The Blair Labour government set up new systems of inspection and regulation alongside introducing targets and performance management to deliver NHS improvements.
A succession of regulators-cum-inspectors was established, including the Commission for Health Improvement, the Healthcare Commission, and the Care Quality Commission. They mainly focused on clinical governance and the quality of care provided by health and (latterly) social care organisations. Assessments were made through a combination of visits and inspections, and self-assessment by NHS organisations.
Regulators used the results of their assessments to publish information about performance – partly to inform the public (thus supporting greater patient choice) and partly to stimulate the organisations being regulated to improve their own performance. Through the system of star ratings (and subsequently the annual health check), variations in quality and performance became more transparent; this meant it was easier to identify organisations that needed intervention and support. The ‘earned autonomy’ regime meant that organisations assessed as performing well received financial bonuses and increased freedom to manage their affairs.
What does the evidence say about the impact of inspection and regulation?
The evidence is difficult to interpret, mainly because of frequent changes in the organisations responsible for carrying out this work and in the methods they use. There are some clear examples of regulatory failure during the reform period, concerning NHS providers such as Stoke Mandeville Hospital, Maidstone and Tunbridge Wells NHS Trust, and Mid Staffordshire NHS Foundation Trust, where there were serious shortcomings in patient care despite visits by the regulators. (In the case of Mid Staffordshire, the Healthcare Commission rated the trust as ‘good’ in its annual health check in 2007/8 even though it had high standardised mortality ratios.)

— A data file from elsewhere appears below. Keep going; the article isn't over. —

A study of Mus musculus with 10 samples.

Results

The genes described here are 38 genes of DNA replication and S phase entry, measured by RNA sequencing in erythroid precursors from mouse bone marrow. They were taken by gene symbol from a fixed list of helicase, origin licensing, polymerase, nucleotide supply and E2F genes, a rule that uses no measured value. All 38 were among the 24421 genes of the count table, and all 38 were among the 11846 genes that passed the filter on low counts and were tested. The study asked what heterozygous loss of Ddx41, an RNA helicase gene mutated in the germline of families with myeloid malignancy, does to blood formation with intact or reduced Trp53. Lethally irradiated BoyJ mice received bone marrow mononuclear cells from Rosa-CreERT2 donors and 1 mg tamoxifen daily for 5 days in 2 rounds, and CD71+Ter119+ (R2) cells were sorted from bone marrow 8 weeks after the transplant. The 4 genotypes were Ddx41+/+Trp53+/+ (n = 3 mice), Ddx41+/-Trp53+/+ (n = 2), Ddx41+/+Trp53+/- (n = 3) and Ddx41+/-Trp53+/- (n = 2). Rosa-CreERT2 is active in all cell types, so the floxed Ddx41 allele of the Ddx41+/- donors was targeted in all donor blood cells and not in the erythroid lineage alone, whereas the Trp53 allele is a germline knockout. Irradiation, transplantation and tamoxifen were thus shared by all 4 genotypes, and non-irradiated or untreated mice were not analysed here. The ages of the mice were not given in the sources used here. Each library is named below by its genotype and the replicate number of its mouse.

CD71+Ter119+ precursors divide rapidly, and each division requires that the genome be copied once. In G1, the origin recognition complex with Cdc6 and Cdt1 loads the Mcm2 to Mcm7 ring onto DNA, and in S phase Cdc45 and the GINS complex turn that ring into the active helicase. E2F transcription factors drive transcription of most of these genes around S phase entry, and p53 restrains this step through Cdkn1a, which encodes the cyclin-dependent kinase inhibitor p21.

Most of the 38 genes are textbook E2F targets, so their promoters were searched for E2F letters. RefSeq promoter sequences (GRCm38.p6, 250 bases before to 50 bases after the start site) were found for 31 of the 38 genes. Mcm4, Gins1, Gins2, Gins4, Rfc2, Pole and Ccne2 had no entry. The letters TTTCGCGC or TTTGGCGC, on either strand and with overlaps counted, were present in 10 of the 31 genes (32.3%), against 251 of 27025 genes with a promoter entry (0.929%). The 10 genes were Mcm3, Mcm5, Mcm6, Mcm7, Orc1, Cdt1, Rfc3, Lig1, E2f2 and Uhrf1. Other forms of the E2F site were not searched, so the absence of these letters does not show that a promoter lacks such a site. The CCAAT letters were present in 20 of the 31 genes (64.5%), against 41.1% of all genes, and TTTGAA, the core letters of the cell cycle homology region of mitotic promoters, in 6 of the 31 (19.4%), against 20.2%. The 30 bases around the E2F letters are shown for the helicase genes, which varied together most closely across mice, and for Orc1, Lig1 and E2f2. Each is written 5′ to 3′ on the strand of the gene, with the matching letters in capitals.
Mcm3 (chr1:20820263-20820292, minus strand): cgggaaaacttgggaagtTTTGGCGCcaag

The role of the regulators was one of the issues examined in the two Francis inquiries into the failures of care that occurred at Mid Staffordshire. Major changes have subsequently been implemented in the approach taken by the Care Quality Commission, with the appointment of chief inspectors for hospitals, primary care and social care, and the development and testing of a new regime making use of experts in the areas of care being inspected. The fundamental nature of these changes suggests that inspection and regulation has not yet had the impact that was hoped for when it was introduced in 2000.
Regulated trust or real trust?
A recurring theme in critiques of NHS reform has been the importance of fostering commitment rather than compliance as the most effective means to bring about improvement and change. With regard to inspection and regulation, there is an important distinction to be made between regulated trust and real trust – with the latter prone to being jeopardised by over-reliance on regulation and inspection by external agencies. Some have even argued that over-regulating professionals can be counterproductive, suggesting that self-regulation and peer regulation are likely to be more effective than regulation from the outside.